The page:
Among 20-somethings living in Japan's capital, one out of 10 are foreign-born, reflecting the rapidly shifting profile of the country's working population.
Throughout Japan, foreigners in their 20s numbered 748,000 at the beginning of the year, or 5.8% of the total, the government reported Wednesday. The figures exclude foreign nationals that are here for short stays, and typically include those with residency credentials staying for over three months.
In all, the country's population of non-Japanese residents grew 7.5% to a record 2,497,000 people. Many of them live in Tokyo, with the largest portion -- around 42,000 -- housed in the city's Shinjuku ward.
At 3 p.m. on weekdays, Shinjuku's government offices are jam-packed with people filling out moving notices and other forms. Over half of those waiting in line are young people of non-Japanese descent, and a mixture of English, Chinese and other languages fills the air. More than 40% of the foreigners are 20 years old.
While Shinjuku's native-born residents in their 20s shrank 7% over five years, the number of foreigners in the ward soared by 48%. One convenience store near JR Shinjuku Station has hired a 31-year-old Chinese woman. "The store wouldn't run if I'm away from my shift," she said.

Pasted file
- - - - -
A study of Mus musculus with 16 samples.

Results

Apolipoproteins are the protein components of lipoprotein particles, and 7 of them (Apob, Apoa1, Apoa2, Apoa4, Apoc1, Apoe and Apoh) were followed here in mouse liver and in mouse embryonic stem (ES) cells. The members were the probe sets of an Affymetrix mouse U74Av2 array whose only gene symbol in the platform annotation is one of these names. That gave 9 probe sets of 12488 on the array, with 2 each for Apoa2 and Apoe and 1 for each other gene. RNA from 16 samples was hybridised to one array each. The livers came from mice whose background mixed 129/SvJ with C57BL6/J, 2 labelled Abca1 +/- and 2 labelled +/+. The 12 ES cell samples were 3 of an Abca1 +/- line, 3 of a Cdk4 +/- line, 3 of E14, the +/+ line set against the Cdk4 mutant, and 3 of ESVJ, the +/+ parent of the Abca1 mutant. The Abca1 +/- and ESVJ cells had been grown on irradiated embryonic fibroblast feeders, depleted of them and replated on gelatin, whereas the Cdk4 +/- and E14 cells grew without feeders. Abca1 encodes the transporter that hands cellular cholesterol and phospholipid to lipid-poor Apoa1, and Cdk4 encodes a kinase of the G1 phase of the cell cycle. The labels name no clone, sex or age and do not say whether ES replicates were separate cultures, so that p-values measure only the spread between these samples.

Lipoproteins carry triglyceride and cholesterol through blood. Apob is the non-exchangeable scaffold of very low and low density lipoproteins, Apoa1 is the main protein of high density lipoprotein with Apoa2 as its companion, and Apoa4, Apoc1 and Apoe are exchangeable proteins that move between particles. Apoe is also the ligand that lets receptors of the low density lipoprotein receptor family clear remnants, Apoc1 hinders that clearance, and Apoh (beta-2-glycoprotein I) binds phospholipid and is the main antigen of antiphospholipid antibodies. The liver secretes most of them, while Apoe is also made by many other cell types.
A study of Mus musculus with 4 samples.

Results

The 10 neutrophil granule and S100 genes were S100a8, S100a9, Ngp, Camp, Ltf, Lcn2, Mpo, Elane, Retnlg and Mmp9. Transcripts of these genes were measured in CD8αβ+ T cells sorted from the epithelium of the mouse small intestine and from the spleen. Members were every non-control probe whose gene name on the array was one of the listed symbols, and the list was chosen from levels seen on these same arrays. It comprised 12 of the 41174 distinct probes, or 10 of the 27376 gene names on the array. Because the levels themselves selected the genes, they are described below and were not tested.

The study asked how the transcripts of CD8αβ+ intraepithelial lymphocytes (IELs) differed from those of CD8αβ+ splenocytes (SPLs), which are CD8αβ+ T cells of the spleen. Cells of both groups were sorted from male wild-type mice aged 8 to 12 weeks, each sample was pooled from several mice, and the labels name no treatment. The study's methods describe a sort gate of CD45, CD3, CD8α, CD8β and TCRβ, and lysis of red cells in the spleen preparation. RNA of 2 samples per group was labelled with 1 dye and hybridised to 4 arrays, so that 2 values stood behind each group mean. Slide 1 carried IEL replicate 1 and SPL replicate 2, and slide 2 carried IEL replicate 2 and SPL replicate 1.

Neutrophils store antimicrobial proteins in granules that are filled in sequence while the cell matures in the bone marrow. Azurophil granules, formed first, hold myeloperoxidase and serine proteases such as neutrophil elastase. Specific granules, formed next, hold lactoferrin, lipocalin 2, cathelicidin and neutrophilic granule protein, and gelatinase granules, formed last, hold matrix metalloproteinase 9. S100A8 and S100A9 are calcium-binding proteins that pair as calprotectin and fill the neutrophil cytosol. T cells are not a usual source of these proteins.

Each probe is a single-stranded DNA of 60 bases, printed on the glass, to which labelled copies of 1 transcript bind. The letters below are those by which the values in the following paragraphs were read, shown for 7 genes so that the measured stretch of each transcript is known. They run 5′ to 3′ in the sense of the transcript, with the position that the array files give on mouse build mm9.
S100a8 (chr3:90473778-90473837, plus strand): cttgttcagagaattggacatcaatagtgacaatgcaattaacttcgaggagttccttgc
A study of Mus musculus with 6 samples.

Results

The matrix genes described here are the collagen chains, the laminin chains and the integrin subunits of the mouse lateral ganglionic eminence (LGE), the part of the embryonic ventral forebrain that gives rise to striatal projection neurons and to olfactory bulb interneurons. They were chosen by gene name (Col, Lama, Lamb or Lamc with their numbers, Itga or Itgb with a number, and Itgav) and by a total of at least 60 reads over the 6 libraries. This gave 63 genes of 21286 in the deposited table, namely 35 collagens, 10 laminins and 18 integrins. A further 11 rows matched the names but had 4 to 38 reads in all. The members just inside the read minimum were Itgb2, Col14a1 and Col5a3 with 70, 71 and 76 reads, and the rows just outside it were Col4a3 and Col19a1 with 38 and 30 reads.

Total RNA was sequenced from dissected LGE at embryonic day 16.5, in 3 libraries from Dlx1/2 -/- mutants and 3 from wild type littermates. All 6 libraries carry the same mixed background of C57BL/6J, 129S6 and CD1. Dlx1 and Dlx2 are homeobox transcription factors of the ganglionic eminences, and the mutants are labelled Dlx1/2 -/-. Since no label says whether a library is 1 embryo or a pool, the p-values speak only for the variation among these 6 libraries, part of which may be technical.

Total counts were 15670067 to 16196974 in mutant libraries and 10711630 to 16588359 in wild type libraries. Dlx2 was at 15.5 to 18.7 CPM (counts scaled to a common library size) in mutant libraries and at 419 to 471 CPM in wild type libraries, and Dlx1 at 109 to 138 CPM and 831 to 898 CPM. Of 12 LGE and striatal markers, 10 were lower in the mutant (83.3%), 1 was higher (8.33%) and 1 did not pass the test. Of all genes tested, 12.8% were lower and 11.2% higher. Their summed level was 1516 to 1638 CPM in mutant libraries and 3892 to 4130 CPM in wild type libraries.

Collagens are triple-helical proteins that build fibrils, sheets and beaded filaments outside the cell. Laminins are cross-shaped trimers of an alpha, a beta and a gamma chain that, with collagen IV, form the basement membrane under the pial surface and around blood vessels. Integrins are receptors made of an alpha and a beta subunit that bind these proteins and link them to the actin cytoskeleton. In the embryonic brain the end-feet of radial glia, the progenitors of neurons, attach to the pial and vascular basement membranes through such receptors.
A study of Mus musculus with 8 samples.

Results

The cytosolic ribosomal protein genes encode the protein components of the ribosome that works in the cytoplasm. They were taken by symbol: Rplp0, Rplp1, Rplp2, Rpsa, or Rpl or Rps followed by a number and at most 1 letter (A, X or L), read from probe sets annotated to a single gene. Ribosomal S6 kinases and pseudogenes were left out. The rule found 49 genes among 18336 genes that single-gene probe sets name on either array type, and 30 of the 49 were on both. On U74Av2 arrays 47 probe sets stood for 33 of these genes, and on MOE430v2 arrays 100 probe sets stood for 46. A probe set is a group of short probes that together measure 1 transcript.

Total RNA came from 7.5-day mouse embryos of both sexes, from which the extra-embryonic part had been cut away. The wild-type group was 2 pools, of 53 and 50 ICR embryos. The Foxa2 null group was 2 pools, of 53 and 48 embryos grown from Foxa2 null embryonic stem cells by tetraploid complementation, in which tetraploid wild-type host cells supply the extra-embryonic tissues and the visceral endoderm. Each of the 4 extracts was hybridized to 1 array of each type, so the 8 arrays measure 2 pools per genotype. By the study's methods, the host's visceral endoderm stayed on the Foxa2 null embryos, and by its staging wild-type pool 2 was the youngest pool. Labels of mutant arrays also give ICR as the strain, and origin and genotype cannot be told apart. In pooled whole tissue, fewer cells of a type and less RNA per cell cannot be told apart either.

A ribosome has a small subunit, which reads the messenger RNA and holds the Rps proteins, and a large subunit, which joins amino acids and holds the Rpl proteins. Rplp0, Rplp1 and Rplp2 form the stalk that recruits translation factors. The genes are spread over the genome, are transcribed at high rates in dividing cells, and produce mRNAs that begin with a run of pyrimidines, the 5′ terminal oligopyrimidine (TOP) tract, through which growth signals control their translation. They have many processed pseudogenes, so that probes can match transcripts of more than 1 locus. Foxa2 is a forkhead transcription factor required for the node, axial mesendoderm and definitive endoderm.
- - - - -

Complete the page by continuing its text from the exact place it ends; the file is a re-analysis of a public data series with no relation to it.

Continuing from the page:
One of the most widely repeated objections to Japan’s ability to reform and growth is its reluctance to absorb young immigrants who have been engines for demand elsewhere.
On two trips to Japan in the last 18 months I was enthused to find foreign workers everywhere I went because it was so contrary to the “received wisdom” of the financial markets.
The Nikkei-225 continues to hold the break above 20000 and as long as that remains the case we can conclude Japan is in a new secular uptrend.
The floods in Western Japan recently have represented a headwind to the Yen and increase the potential for further monetary largesse. The Dollar continues to extend its move above 110 and is now testing the medium-term progression of lower rally highs. A sustained move above ¥115 would confirm a return to medium-term demand dominance.